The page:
About the 1860's, Lew Hee Pork and Lew Hee Leung of Choong Lau town(冲 簍), Long Son Hong Village (朗 傘 塘 鄉), Lew Pak Hong (蔞北鄉), County of Hoison (台 山), map location FQ 8651, China came to California and worked on building the transcontinental railroad. Lew Hee Leung was a very good worker and other workers would listen to him. He was big and had a strong body and was very handsome looking. The railroad manager promoted Lew Hee Leung to foreman. After the transcontinental railroad was completed, Lew Hee Leung with his brother Lew Hee Pork, opened a fruit/vegetable store and packing business located in Sacramento, CA. The business was very profitable and they made a considerable amount of money.
As the industrial revolution progressed, packing business machines were replacing much of the manual type operations. Because the brothers were Chinese, the machine manufacturers would not sell them the new machines. Competition made it impossible to stay in business, so they sold the business and property to a Mr. Lum. Mr Lum converted the business into a 5 & 10 cent store and subsequently, became wealthy and a very well respected and known individual in the Chinese community. The property where the store was located on has since changed to the Wong's Benevolent Association (1702 Broadway, Sacramento, CA 95818.)
Lew Hee Pork and Lew Hee Leung both returned back to the village in Long Son Hong, Hoison, China and purchased approximately 80 hectares (Lew Hee Pork - 10 hectares, Lew Hee Leung - 70 hectares) of land around the present village called Slen War Lee Village (新 和 里) and Oong War Village (東 和). There was considerable jealousy and dislike between the two brothers. Both brothers married and lived in the village. They both became wealthy from leasing the land and did not actually do any real work. They were originally from Ngen War Village (仁 和).
Lew Hee Leung was a very generous man and did many good things for the Lew family. With the wealth he had earned while in the United States, he helped finance immigration of 7 good men from the Lew family to the United States. These men eventually brought their families over to the United States. Today's presence in the United States of many Lew families was attributed to Lew Hee Leung. Most of the families are living in California.
Lew Kung Doung opened a grocery store business in Hong Kong and had asked his uncle, Lew Hee Leung to help finance its expansion but was refused. Lew Kung Doung wanted power and wealth. During this period, opium was a big business. So, Lew Kung Doung opened a garbage transportation business and smuggled opium between Hong Kong and mainland China and Malaysia. He was making lots of money. Unfortunately, the authorities caught him smuggling. He sold both the grocery store and the garbage transportation business and used all his available cash to buy his escape from the authorities. He returned back to the village and opened a restaurant supply business in Choong Lau town (冲 簍) which was near the village. The business made porcelain china ware. He again began smuggling opium thru his business and accumulated a considerable amount of wealth.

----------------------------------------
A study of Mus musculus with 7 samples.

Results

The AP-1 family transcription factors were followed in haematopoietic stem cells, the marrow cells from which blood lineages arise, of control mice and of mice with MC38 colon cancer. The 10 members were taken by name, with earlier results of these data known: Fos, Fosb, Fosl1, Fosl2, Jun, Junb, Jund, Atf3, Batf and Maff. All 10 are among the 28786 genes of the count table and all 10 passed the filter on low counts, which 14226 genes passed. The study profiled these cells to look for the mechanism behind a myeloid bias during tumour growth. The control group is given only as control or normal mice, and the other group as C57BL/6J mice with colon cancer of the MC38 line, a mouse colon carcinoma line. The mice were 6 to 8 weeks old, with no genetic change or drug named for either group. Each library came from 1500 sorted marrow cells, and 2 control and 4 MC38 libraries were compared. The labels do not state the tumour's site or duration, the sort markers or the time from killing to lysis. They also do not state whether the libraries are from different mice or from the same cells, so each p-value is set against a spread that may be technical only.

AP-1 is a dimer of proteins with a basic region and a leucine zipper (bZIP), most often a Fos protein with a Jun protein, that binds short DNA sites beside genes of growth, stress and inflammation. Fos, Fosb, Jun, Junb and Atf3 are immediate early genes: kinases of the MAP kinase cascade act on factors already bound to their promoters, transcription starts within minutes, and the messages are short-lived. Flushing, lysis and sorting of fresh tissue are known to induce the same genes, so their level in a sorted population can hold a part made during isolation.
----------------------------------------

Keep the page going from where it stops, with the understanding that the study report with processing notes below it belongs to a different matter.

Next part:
In Choong Lau town, Lew Kung Doung was well known and he knew a lot of local influential people including the towns chief-of-police. Because the the chief-of-police trusted him, a business arrangement was made between the two of them to extort money from the gambling operations around town. The exhorted money was split 50-50 between the two of them. He died at age 59 during the occupation by the Japanese Imperial Forces in WWII.
With the help of his brother, Lew Kung Doung immigrated to Mexicali, Mexico. From Mexico, he migrated into California and finally moved to Baltimore, MD. He became a U.S. Citizen on July 10, 1913 under the name Fook Loui (劉 状 福). Apparently, there was a misspelling of the sir name 'Lew' to 'Loui' during the processing of the citizenship paperwork. Although Fook Loui's given name was Kong Hong Loui (劉 孔 衡), he decided to use his common recognized name. It shows that he was born in San Francisco, CA but all records were destroyed during the 1906 earthquake. This method of claiming U.S. citizenship was used by many Chinese immigrants in those days.
Although Fook Loui really had one son and two daughter's, he officially listed having three son's on his U.S. immigration documentation. With the extra money he earned from his laundry business, Fook Loui sent the money back to Lew Kung Doung to build two houses and a small school house. One house was built to house Lew Fook's wife (李氏 ), George Mong Yung's wife (鄧 銀 笑) and Mong Ngeung Lew's wife. The second house was built to house Lew Kung Doung (劉 孔 覮), his wife (吳) and their grandson, Hem Loui (劉 道 幹). A third house was specially built next door to accommodate an exclusive family classroom. A teacher would come teach everyday. Hem Loui and Lew Fawn Key were the primary students and a couple of other family kids would attend class occasionally.
Fook Loui made his last trip and died from an accidental head injury after falling down in the hotel bathroom in Hong Kong before he was able to see his wife. His remains were exhumed many years later in Hong Kong and were moved to the Slen War Lee village cemetery to be reburied next to his wife and grand son.